Regal Entertainment Group to Test AR Programs and Dynamic Pricing in 2018

The theater chain is fast-tracking some innovative plans into its cinemas.

Regal Cinemas Logo

The theater chain is fast-tracking some innovative plans into its cinemas.

Movie chain Regal Entertainment Group has announced a couple of plans for 2018 in hopes of upping cinema attendance and revenue. First, Regal will be handing out augmented reality (AR) programs to ticket buyers at their multiplexes. Second, they plan to get into the dynamic pricing game.

2017 has kickstarted a giant conversation all across the film industry, and economics is no different. According to Deadline, lesser people have headed out to theaters this year, with a 5% decrease in year-to-date box office revenue with only 10 weeks left in 2017. Except for a better November-December turnout, there’s a further risk of decline in revenue that hasn’t happened since 2014. Given the competition from streaming websites and subscription-based ticketing services like MoviePass, it’s no wonder chains that like Regal are trying a bunch of fairly immediate changes to their business models.

Regal’s dive into AR comes as no surprise as digital lines blur with the filmgoing experience more and more when every big movie release has a bunch of teasers, trailers and featurettes accompanying them and a strong, invested fanbase continues to be paramount in selling most movies. Regal will hopefully be tapping into that info-hungry demographic with their AR programs. In conjunction with Moviebill, “an array of activations and digital content via smartphone” will be provided for free with ticket purchases, with physical AR experiences to enter Regal Cinemas next year. People want immersion and AR is a great in-between without the investment of virtual reality (VR) equipment. Regal’s CMO, Ken Thewes, stated, “We chose to incorporate Moviebill because it continues our goal of enhancing the moviegoing experience, giving movie fans more of what they want directly in their hands.”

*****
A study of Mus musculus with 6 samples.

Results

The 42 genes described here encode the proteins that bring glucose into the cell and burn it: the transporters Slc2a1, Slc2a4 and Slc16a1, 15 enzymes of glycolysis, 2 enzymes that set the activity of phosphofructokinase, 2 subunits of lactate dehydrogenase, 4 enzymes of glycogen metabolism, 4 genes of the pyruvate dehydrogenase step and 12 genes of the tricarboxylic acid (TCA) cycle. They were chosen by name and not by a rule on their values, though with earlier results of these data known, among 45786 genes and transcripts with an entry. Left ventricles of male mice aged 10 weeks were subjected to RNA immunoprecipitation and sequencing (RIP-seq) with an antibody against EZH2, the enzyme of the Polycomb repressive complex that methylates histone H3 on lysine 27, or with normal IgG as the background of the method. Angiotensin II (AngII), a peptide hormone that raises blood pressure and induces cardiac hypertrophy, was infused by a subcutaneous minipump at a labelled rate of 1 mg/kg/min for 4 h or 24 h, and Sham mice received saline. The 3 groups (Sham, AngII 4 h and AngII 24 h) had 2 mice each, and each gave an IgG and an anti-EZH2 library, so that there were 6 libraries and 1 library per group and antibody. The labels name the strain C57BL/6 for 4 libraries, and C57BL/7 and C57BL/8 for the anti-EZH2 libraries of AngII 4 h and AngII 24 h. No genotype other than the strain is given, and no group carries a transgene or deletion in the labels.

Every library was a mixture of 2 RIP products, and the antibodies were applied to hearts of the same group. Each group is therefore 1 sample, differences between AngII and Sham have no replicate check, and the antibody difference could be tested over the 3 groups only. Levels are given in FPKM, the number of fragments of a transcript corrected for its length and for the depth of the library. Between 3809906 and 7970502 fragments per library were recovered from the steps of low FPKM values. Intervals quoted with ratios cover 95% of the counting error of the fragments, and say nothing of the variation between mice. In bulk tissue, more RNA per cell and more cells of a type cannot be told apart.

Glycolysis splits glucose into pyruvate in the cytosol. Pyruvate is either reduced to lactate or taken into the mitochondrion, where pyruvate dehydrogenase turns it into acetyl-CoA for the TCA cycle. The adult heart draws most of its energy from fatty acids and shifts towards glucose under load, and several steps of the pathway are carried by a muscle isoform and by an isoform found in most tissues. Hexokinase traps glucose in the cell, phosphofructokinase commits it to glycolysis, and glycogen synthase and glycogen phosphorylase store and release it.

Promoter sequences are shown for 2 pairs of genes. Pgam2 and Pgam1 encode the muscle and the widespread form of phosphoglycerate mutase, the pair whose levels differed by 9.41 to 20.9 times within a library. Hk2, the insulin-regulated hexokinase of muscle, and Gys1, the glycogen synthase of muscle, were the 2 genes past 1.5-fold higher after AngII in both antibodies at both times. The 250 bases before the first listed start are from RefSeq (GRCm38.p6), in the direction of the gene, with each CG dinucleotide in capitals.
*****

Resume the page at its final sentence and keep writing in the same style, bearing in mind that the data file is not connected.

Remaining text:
Regal’s AR goodies will be individualized depending on each local theater and include a bunch of exclusive content, including cover art. All Hollywood studios will develop AR experiences for the chain, such as behind-the-scenes features, deleted scenes, games, and talent commentary.

Regal’s plans for dynamic pricing — which will be put into effect next year via the mobile ticketing app Atom Tickets — taps into the market in a different way. Specifically, hitting everyone where they hurt the most: their wallets. Regal will attempt to charge more for popular movies and less for theatrical flops. While a rather experimental business model, with Regal’s chief executive officer Amy Miles saying in a Bloomberg report,

“Changes to the historical pricing structure have often been discussed but rarely tested in our industry, and we’re excited to learn even more about how pricing changes impact customer behavior.”

Miles notes that the cinema chain will conduct enough tests for the data to be “statistically significant” before any decision to move forward. For the moment, analysts don’t feel that Regal’s integration of dynamic pricing into its catalog will be largely detrimental to the company, at least not when compared to a service like MoviePass. MKM Partners managing director, Eric Handler, posited, “Near-term, MoviePass could possibly provide an attendance lift for the industry. Ultimately though, we have yet to find a company succeed with a business model where it loses money on nearly every transaction and as a result, do not view MoviePass as a long-term threat to the cinema economic model.”

According to Tuna Amobi, an equity analyst at CFRA Research, because dynamic pricing has worked in airline, hotel and live entertainment sectors, Regal’s alternative approach to ticketing could work. Regal will begin testing out these new pricing strategies in early 2018 while integrating AR more fully into its cinemas. This makes for an aggressive alternative campaign that will hopefully increase not only audience attendance in theaters, but also up their engagement with the movie-going experience.